2 days ago a group of people Listed here:"Red Act, Brandon Enright, Danu, JamalS [and] John Rennie" put my question on hold as off topic. I refuted their claim that I was off topic and gave 2 quotes from this very website stating a question like mine was indeed on topic and have gotten no response whatsoever ever. I find it extraordinary that a wrongly accused questioned stay on hold and unreviewed for so long especially considering after 5 days the question gets permanently closed. I now have less than 3 days until it's closed so if an authority figure such as an admin could review my question on behalf of the website I would greatly appreciate the correction.

The atom, solid or liquid?

    – JamalS
    Oct 18 '14 at 12:37
  • $\begingroup$ "so if an authority figure such as an admin could review my question on behalf of the website"... good grief, are you a sad cat? youtube.com/watch?v=PKffm2uI4dk $\endgroup$ Oct 19 '14 at 0:51
  • $\begingroup$ No one has adressed the two quotes I left saying my question is acceptable, also if no personal ideas are allowed the why is there a "perception" tag? $\endgroup$ Oct 20 '14 at 0:42
  • $\begingroup$ 1) "Explanations of observed physical or astronomical phenomena" are considered acceptable. $\endgroup$ Oct 20 '14 at 12:36
  • $\begingroup$ 2) "a question that proposes a new concept or paradigm, but asks for evaluation of that concept within the framework of current (mainstream) physics is OK." $\endgroup$ Oct 20 '14 at 12:37
  • $\begingroup$ Those are literally from the site, if that isn't good enough for the moderators then I really don't know what is. I will try to state my main arguments here once more and afterwords I'm not going to bother with this anymore. I am simply how to imagine an atom through perception. For instance if we know an atom has a repulsive force the closer something gets to it, One could simply say that the closer you moved your hand to it the more resistance you would feel. I am not asking what it might be like to break the rules of physics, but how I might better understand the atom using a normal human $\endgroup$ Oct 20 '14 at 12:43
  • $\begingroup$ method, called imagination, the root and fundamental process of all thought a person has. $\endgroup$ Oct 20 '14 at 12:44

When an on-hold question is updated it goes into the review queue and all users with >3k rep see it. I did see your question in the review queue and I voted to leave it closed. I would guess the same applies to all the other reviewers.

The reason why I voted to close your question, then voted against reopening it, is that it can't be answered using the laws of physics because you propose a physically impossible situation. Your question even concedes that:

If I were to break the laws of the universe and shrink down to the size of a nucleus

(my emphasis)

The long term aim of this site is to provide a definitive searchable resource for anyone interested in Physics. That means we expect answers to be based on impeccable physical reasoning and we downvote and close answers that do not meet this standard. It is impossible to answer your question whilst maintaining the standards expected of answers posted here, and that's why your question was closed and remains closed.

  • $\begingroup$ +1: If we had a list of canonical answers, this should be on it. $\endgroup$ Oct 19 '14 at 1:03
  • $\begingroup$ It's a figure of speech Rennie, the question would still stand without that specific piece so just for you I will remove that section. $\endgroup$ Oct 20 '14 at 0:37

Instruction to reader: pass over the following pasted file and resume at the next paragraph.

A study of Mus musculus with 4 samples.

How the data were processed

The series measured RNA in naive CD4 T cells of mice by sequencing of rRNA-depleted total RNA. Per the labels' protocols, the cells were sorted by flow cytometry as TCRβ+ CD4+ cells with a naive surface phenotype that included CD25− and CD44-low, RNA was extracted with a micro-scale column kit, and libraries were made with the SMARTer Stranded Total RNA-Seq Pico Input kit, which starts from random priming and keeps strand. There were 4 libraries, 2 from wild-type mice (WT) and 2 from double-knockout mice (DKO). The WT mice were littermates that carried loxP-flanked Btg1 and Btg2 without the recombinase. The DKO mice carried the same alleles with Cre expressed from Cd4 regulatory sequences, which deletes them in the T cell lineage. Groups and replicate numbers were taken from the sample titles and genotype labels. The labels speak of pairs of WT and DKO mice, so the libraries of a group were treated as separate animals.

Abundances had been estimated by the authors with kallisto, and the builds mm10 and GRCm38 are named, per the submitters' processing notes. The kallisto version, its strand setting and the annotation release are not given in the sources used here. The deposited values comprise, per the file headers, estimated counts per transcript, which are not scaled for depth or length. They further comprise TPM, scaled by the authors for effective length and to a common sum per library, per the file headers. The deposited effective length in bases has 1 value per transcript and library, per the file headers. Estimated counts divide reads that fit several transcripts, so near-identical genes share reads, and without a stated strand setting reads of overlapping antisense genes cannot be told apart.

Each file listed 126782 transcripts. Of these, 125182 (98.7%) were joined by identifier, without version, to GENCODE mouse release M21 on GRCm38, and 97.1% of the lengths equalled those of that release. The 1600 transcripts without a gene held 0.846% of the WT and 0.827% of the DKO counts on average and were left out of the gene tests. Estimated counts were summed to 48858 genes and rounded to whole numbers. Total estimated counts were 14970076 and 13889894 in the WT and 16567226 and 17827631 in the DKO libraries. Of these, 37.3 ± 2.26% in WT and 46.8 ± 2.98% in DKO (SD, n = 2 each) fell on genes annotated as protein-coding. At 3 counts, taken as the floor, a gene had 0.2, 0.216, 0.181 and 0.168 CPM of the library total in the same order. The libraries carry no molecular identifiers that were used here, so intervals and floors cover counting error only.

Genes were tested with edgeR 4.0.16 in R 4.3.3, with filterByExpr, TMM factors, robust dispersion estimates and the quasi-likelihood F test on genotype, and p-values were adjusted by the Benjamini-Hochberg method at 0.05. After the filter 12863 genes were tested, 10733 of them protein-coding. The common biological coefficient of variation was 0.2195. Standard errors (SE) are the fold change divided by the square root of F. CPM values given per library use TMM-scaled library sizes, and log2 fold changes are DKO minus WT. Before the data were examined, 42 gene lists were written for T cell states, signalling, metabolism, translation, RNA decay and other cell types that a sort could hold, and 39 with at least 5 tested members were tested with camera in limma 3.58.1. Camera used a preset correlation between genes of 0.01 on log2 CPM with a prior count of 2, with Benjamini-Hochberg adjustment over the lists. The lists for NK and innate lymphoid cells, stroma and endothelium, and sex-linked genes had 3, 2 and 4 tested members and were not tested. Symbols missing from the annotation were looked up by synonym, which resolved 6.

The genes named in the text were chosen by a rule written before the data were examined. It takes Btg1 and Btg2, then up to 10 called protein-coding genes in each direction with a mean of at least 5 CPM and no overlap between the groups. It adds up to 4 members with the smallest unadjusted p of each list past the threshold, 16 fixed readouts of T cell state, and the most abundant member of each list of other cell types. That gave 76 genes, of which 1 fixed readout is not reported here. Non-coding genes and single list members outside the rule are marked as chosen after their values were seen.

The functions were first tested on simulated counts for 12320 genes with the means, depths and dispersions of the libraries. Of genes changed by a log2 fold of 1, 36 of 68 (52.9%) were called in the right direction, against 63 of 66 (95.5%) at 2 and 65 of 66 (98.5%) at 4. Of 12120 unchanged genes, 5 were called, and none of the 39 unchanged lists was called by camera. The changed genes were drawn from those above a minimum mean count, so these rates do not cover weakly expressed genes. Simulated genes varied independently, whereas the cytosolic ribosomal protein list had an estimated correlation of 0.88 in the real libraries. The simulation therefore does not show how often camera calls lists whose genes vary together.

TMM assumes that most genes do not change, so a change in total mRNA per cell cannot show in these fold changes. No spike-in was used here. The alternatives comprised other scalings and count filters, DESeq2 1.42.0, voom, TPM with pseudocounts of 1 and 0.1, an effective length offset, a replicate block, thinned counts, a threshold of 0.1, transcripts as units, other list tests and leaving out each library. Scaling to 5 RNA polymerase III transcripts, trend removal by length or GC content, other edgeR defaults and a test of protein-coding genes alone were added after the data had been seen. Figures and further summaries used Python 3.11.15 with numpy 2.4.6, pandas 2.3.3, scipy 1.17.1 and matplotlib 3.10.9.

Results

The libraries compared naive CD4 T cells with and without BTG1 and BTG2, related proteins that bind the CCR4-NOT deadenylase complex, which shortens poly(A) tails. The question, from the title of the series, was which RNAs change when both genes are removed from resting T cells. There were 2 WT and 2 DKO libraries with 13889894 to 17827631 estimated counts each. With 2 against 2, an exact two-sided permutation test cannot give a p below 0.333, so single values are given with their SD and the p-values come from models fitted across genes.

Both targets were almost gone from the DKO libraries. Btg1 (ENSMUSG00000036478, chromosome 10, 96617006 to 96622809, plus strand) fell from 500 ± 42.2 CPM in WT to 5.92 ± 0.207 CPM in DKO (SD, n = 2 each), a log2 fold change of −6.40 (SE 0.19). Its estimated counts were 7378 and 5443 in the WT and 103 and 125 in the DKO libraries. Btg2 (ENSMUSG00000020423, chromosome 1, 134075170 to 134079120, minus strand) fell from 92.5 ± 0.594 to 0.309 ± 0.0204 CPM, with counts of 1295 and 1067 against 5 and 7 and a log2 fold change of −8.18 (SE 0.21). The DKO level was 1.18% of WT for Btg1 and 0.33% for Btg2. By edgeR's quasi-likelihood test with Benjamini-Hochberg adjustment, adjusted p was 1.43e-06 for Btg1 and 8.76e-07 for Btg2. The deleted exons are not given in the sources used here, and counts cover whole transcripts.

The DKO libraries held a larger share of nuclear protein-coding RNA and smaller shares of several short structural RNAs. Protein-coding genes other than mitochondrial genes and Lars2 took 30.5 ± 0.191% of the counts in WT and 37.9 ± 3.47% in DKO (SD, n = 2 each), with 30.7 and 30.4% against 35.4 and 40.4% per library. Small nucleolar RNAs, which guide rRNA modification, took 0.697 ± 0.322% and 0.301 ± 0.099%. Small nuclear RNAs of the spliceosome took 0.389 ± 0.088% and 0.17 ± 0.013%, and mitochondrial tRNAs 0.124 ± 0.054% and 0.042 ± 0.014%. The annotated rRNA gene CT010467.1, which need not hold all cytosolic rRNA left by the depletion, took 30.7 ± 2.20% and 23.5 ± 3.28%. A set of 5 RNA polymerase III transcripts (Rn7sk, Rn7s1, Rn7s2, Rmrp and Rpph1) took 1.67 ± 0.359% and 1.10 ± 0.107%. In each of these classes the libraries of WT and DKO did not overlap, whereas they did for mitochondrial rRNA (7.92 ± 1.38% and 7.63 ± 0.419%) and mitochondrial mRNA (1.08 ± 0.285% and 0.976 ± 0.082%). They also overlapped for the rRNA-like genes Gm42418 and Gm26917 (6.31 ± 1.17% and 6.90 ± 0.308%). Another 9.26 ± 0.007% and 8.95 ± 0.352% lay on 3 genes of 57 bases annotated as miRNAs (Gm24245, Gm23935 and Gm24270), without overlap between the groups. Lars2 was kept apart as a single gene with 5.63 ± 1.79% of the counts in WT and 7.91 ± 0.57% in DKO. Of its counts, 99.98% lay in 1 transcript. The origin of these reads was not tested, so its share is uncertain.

• $\begingroup$ @DiamondLouisXIV: you have comprehensively missed the point. You're still asking how an atom would feel, and that can't be answered in any physically meaningful way. You could ask about interatomic potentials i.e. the force between two atoms as they are brought together, though I'd check first that this hasn't been asked before. $\endgroup$ Oct 20 '14 at 5:38

Your question was reviewed by a moderator, whose decision - leaving it on-hold - reflects that the question still suffers from the problem for which it was closed.

It's unusual for further information to be left in these cases; unless there's something specific that you could do to alter the question such that it would be allowed here, there's really nothing more to say.


The problem with your question is that it deals with counterfactual physics. These are only on-topic in a few cases but this is far from that. There is no way to answer your question because the situation you ask about would not happen within real physics. To get an answer you'd have to extend the laws of physics to that case and the are multiple, non-unique ways to do that. Hence your question is more about science fiction than science.

Regarding the review procedure, it worked pretty much as intended. Your edit was really minor and does not really warrant a specific response. You do have to assume that after a day or so (but usually a few hours), your edit has been seen and deemed insufficient. Your options then are to continue editing, or ask on meta for further guidance, which you did. (That said, a less confrontational attitude where you simply ask why exactly your question was thought off-topic, and how you can fix it, will be a lot easier to work with and will make less people not bother with a confrontational post.)

You are correct that the closure text does not completely cover what's wrong with your question. This is by design: we have a small number of canned closure reasons and we get more personal theories than counterfactual queries. In a case like this it is good practice to leave a comment explaining why it's off-topic, which Red Act did, before the question was closed. Until you had actually addressed that, there's little point in providing further input.